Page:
Gold chain from Morrisonville, Illinois

On 9 June 1891, Nina Maxon Culp from Morrisonville (Illinois, USA) (usually referred to as Mrs Silas W Culp as this is how she was named in The Morrisonville Times report of 11 June that forms the basis of every published account) found a small gold chain apparently embedded in a lump of coal she had just broken apart. It was said to be about ten inches (254 mm) long and weighed 8 pwt (12.4 g), while the quality of the gold was assessed as eight carats. The chain occupied a circular hollow in the coal and both ends, which were placed close together, were contained inside the lump. It was believed that the source of the coal was the Taylorville or Pana mines, also in Illinois.

It may be mere coincidence that Mrs Culp’s husband, Silas, was proprietor of The Morrisonville Times from 1887 and also the town’s jeweller from 1889. On the other hand, local newspapers in the late nineteenth-century USA were not well known for the quality of their journalism and are known to have perpetrated hoaxes (such as the hoaxed ‘mystery airship’ crash of 19 April 1897 at Aurora (Texas, USA), reported in local newspapers). Like the Aurora ‘mystery airship’ crash, there is now no physical evidence to examine, just the newspaper report.

8 Replies to “Gold chain from Morrisonville, Illinois”

  1. I’m not making any claims about authenticity, however, I did see a coal embedded gold chain on display in a glass case at Bob Jones University in the mid ’80’s in their science building. both ends were clearly still embedded in separate halves of a broken chunk of coal. The links were small and turned so that the chain could lay flat. I do not know if this would be the same chain. I have not been able to track it’s current location.

  2. That’s it? All you have?
    Anecdotal evidence that some American newspapers were bad does not equate to all American newspapers were bad. Where is the analysis of this artifact or alleged artifact?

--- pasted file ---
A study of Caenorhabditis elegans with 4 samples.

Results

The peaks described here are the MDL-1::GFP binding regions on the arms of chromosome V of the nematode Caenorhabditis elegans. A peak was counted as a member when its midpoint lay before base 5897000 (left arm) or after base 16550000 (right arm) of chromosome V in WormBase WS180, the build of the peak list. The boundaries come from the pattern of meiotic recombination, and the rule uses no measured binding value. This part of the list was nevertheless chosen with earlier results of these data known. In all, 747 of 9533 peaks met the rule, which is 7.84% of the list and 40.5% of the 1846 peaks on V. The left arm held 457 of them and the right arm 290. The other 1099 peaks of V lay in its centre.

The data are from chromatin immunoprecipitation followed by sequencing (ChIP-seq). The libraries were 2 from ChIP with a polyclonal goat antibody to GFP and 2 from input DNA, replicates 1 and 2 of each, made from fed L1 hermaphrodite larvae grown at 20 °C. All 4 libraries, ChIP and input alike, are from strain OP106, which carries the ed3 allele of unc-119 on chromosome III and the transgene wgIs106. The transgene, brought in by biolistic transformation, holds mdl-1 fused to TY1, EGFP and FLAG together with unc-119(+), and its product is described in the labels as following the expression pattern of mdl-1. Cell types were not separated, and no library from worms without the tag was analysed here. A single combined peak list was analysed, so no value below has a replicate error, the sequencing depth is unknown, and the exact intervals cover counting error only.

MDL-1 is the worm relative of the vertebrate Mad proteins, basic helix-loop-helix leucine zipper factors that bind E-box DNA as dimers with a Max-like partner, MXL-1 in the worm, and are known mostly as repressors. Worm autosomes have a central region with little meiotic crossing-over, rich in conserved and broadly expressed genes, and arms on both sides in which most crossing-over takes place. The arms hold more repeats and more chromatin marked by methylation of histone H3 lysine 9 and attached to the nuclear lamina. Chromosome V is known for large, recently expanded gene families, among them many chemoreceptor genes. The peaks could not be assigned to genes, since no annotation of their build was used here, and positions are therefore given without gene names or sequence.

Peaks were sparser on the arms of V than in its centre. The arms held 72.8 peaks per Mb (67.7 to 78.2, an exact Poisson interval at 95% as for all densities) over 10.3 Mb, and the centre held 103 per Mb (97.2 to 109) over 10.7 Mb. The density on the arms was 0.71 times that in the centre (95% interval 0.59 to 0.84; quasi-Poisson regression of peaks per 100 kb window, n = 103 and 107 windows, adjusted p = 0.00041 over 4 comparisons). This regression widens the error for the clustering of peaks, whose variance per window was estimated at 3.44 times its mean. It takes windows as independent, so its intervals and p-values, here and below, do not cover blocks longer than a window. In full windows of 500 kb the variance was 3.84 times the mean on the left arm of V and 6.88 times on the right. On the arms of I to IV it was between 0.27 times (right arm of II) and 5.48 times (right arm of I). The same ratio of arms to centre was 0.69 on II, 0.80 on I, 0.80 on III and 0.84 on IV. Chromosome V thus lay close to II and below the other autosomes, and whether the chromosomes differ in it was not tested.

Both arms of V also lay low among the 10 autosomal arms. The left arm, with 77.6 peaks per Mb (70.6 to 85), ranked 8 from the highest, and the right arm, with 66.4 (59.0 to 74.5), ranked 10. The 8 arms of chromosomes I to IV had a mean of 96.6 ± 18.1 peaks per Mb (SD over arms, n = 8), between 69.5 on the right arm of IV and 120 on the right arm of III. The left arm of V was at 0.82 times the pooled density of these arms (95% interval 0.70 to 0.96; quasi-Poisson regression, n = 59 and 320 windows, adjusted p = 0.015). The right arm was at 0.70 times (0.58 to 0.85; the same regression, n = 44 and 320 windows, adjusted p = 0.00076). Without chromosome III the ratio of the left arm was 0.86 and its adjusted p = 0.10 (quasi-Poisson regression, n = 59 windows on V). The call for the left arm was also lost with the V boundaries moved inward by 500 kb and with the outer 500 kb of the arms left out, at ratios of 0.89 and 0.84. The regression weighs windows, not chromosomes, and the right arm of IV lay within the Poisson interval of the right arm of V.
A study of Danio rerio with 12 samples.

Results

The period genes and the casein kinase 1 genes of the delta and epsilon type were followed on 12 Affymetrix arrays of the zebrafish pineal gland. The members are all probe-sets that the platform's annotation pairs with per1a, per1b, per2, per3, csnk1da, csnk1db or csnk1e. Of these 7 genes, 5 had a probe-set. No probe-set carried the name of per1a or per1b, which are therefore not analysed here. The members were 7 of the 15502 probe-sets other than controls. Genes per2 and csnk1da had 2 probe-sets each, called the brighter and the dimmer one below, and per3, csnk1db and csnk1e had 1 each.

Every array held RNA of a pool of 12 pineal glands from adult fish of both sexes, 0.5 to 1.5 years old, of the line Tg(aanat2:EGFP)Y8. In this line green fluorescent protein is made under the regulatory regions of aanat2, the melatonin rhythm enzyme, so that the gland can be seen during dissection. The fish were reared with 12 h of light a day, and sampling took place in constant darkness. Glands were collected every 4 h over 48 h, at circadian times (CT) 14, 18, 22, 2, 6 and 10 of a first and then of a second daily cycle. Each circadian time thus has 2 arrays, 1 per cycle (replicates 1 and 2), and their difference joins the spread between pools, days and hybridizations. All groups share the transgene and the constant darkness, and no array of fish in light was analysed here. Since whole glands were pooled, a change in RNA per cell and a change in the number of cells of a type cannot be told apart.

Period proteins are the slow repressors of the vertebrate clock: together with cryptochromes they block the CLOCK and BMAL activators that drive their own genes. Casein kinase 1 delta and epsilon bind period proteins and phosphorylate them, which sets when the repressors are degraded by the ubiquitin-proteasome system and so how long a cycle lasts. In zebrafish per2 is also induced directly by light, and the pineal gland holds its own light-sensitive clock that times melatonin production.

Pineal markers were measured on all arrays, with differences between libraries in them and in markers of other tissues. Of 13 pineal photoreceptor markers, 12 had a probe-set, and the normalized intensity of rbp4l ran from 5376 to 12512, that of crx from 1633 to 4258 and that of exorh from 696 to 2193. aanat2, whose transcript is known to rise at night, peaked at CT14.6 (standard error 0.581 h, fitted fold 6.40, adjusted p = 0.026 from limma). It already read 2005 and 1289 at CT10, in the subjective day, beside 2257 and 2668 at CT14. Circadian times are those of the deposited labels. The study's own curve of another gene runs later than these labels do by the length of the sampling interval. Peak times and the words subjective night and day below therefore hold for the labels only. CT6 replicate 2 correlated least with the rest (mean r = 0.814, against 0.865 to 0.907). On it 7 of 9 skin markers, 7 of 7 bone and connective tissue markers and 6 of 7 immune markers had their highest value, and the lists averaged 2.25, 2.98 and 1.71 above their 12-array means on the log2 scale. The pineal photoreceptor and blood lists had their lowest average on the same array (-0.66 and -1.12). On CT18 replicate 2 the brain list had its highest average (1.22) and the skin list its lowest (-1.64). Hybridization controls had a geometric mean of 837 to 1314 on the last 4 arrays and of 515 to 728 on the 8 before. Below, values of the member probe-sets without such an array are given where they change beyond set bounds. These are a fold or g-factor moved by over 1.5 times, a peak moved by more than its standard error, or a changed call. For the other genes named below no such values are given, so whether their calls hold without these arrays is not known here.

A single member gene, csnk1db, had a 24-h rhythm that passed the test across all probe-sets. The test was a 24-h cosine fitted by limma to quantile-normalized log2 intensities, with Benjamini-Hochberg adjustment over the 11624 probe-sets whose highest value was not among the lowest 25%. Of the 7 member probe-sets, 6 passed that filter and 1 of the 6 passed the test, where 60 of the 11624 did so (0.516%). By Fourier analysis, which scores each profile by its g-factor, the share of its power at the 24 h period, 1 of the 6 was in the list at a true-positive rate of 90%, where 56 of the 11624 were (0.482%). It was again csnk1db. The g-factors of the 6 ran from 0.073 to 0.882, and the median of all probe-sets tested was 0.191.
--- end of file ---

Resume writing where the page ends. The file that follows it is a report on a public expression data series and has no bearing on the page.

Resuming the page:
1. But that’t the heart of the problem: no-one has ever seen the chain! And why do you think that the newspaper chose not to reveal that the alleged finder was the wife of the paper’s owner? I smell something, and it’t not nice.
      So, I throw your comment back at you: that’s it? All you have? Just an old newspaper report.

  3. Evidence such as that once displayed at Bob Jones University tends to disappear from public gaze. Quite a few collections have been removed from museums and put into storage because they called into question the prevailing scientific views. Micheal Cremo’s seminal work Extreme Human Antiquity is a good starting point for folks to begin to wake up.

    1. Michael Cremo’s work is based around using old reports of discoveries whose age was unknown. As I get tired of pointing out, if a palaeoanthropologist discovers a hominin fossil that pushes the date for the emergence of our species farther back in time, then s/he publishes it. There is no scientific high priesthood that removes these things from public gaze and sequesters them in dusty stores: that’s the way religion behaves.

  4. What is your source for the name “Nina Maxon Culp”? I’ve seen the newspaper accounts; where did you find this detail that differs?